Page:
Earlier this year I was playing around on the schools computers and found out the administrative password to a computer in my classroom. I realized how XP stored their passwords, booted into Ubuntu, and took the SAM and SYSTEM files. I was wondering if it was possible to store these passwords on a remote computer and use roaming desktops, so that if one system was compromised the passwords would still be safe because they were not stored on the local machine, but a remote one that only verifies their access to the domain? This would ideally be some computer server locked up somewhere like in the office or network closet, but any advice or comments on the subject would be nice. Thanks for any help


3 Answers 3


Yes it is, you must have the computer on a domain and disable password caching. Know that if you do this you will receive the error "The system cannot log you on now because the domain is not available." if the domain server is down.

This can be done by setting a group policy to have HKEY_LOCAL_MACHINE\Software\Microsoft\Windows NT\Current Version\Winlogon\CachedLogonsCount set to 0.

  • 5
    You also need to disable the local administrator account, and all local accounts used by users.
    – Steve
    Commented Dec 13, 2011 at 19:04

Forget Kerberos, it's too labor-intensive/expensive to deploy. The poster of this question has had a valid 'eureka moment'. But, seems to forget that while the passwords are no longer cached in his/her scenario, they can still be sniffed and captured on the wire.

However, the main principle of the poster's observation (i.e., eliminating weak links and reducing the vectors for attack via storage of credentials on a central identity server) still stands. I've noticed this same principle has already translated to cloud-based apps and webware with companies offering Single Sign On services (i.e., storing credentials on a central and secure cloud server to simplify access and promote the use of more complex and diverse passwords). These services translate into Identity management ...much more than simple password management.

The recent Sony Playstation Network hack revealed that even 'tech savvy' and 'security conscious' users are re-using the same password across the ever expanding number of online accounts. Of course they were ...and likely still are! How many passwords can a person remember? Only a Single Sign On service that can link to Active Directory can come close to a total solution.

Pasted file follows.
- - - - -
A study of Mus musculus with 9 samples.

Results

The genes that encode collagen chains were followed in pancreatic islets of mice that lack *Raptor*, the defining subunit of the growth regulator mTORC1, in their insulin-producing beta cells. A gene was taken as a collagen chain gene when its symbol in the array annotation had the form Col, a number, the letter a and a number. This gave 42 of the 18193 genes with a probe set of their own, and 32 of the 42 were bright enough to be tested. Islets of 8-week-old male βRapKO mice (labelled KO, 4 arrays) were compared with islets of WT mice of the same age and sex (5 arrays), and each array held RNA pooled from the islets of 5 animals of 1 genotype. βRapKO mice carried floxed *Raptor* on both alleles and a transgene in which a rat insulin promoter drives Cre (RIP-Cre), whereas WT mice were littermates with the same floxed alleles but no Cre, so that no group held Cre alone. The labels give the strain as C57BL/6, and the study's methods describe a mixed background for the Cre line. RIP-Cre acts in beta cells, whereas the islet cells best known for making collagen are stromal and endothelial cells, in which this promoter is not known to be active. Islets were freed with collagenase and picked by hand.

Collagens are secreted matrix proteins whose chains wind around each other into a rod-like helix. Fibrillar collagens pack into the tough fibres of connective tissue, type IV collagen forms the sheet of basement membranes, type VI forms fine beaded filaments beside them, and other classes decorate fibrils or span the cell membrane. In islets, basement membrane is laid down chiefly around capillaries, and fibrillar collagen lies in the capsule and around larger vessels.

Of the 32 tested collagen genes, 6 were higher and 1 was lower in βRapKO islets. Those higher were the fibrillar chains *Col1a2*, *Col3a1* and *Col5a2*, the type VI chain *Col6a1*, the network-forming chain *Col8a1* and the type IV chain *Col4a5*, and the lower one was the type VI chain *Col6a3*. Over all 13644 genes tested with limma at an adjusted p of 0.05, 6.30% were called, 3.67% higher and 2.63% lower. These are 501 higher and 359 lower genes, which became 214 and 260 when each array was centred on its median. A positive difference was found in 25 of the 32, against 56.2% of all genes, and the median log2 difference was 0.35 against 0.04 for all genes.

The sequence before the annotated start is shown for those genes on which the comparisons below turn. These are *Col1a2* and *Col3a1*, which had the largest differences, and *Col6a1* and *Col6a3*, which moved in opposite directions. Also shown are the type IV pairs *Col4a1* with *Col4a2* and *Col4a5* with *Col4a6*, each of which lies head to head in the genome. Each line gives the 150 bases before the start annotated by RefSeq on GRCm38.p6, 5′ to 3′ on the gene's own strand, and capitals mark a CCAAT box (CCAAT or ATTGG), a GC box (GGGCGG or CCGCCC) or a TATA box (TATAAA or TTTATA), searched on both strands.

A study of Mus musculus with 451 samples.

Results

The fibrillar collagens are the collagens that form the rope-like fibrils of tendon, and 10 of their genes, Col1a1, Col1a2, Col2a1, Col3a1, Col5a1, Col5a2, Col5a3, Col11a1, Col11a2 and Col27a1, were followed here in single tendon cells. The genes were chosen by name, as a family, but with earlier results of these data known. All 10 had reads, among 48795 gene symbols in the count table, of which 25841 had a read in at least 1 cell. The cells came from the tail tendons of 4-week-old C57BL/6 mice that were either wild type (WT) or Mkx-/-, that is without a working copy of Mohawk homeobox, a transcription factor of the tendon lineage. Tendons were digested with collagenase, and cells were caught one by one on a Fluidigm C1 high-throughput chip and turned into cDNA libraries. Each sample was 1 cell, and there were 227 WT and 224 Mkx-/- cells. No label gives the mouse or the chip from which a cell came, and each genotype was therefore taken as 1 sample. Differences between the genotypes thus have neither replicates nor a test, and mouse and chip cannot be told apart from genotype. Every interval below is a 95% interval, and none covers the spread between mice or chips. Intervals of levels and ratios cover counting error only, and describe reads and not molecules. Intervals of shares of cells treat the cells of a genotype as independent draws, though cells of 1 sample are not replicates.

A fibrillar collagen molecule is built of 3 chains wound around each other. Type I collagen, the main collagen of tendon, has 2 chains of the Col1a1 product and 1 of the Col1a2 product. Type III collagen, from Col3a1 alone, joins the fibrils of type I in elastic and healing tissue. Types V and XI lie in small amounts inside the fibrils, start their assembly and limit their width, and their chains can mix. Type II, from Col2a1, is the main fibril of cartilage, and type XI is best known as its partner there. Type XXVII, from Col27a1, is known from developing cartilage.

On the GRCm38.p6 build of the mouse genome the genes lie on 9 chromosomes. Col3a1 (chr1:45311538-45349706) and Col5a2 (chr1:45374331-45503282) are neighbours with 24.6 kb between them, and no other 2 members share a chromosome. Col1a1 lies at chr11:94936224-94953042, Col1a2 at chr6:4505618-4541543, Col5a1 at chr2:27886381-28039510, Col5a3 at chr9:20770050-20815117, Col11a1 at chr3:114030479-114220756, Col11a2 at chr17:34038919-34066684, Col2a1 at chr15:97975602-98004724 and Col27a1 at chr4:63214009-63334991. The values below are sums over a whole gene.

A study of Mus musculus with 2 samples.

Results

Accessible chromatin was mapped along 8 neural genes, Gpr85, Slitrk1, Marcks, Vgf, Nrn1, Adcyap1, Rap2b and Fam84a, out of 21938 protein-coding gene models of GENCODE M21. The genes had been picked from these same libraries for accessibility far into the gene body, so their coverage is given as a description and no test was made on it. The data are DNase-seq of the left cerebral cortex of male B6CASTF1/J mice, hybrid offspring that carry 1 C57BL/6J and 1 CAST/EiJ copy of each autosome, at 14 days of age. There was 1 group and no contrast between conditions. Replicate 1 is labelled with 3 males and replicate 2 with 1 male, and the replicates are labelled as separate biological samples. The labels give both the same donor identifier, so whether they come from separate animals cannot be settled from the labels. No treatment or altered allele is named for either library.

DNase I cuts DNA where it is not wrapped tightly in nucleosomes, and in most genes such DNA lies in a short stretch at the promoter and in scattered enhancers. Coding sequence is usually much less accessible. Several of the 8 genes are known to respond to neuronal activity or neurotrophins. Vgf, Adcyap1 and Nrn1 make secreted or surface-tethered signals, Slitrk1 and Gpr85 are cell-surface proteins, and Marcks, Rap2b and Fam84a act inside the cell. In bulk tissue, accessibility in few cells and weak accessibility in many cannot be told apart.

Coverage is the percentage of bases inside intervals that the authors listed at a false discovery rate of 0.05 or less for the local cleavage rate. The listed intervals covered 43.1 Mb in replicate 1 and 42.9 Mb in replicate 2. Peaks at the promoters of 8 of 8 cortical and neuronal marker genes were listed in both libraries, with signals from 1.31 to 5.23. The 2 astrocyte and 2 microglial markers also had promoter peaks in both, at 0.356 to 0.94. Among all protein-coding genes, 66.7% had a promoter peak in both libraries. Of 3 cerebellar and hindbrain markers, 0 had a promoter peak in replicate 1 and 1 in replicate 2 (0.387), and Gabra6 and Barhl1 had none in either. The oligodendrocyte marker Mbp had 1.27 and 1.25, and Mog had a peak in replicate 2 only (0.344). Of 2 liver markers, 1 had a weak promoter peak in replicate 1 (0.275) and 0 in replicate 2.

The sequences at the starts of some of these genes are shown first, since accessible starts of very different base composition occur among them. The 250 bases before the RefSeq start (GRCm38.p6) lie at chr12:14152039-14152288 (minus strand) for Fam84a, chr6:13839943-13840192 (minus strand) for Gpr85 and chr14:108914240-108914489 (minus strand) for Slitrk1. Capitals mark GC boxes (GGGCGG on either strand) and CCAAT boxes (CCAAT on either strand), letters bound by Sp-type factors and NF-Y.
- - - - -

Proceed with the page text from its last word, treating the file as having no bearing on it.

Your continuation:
Anyone come across a service offering like this yet? I am beta-testing one solution now at www.smartsignin.com The encryption they have implemented does not utilize a single, 'whole' key on their cloud identity server that can decrypt your stored credentials. Instead the key is split between the server and the user's system. The user thus controls the decryption in real time from their browser for each and every account they access from their new centralized identity profile. Pretty cool, I think. They also have multi-factor authentication to prevent sessions from being hi-jacked. Take a look and let me know what you think.

  • 2
    I don't consider most "Gamers" to be "tech savvy" or even aware of the basic principles of "computer security" as shown by the most recent Sony attack. Considering a large majority of "Gamers" are to young to care about basic computer security. Those most that are old enough to pay for their own habit, care just enough not to get their identity stolen, in other words most people simply do not take the time required to secure stuff like a Sony online account.
    – Ramhound
    Commented Dec 15, 2011 at 13:33

As you had just demonstrated with your Ubuntu bootup, I'd also take the steps to lock down any USB or CD/DVD booting on the local machines to prevent any attempted bypassing of the (I'm presuming) AD UACs and potentially gain access to the local network.

If the admins are smart, they'd have all internal data traverse a firewall (as well as external data) to keep any unauthorized users that happen to be in the local domain from pivoting to another machine or user somewhere else in the domain or to another domain entirely for various nefarious reasons.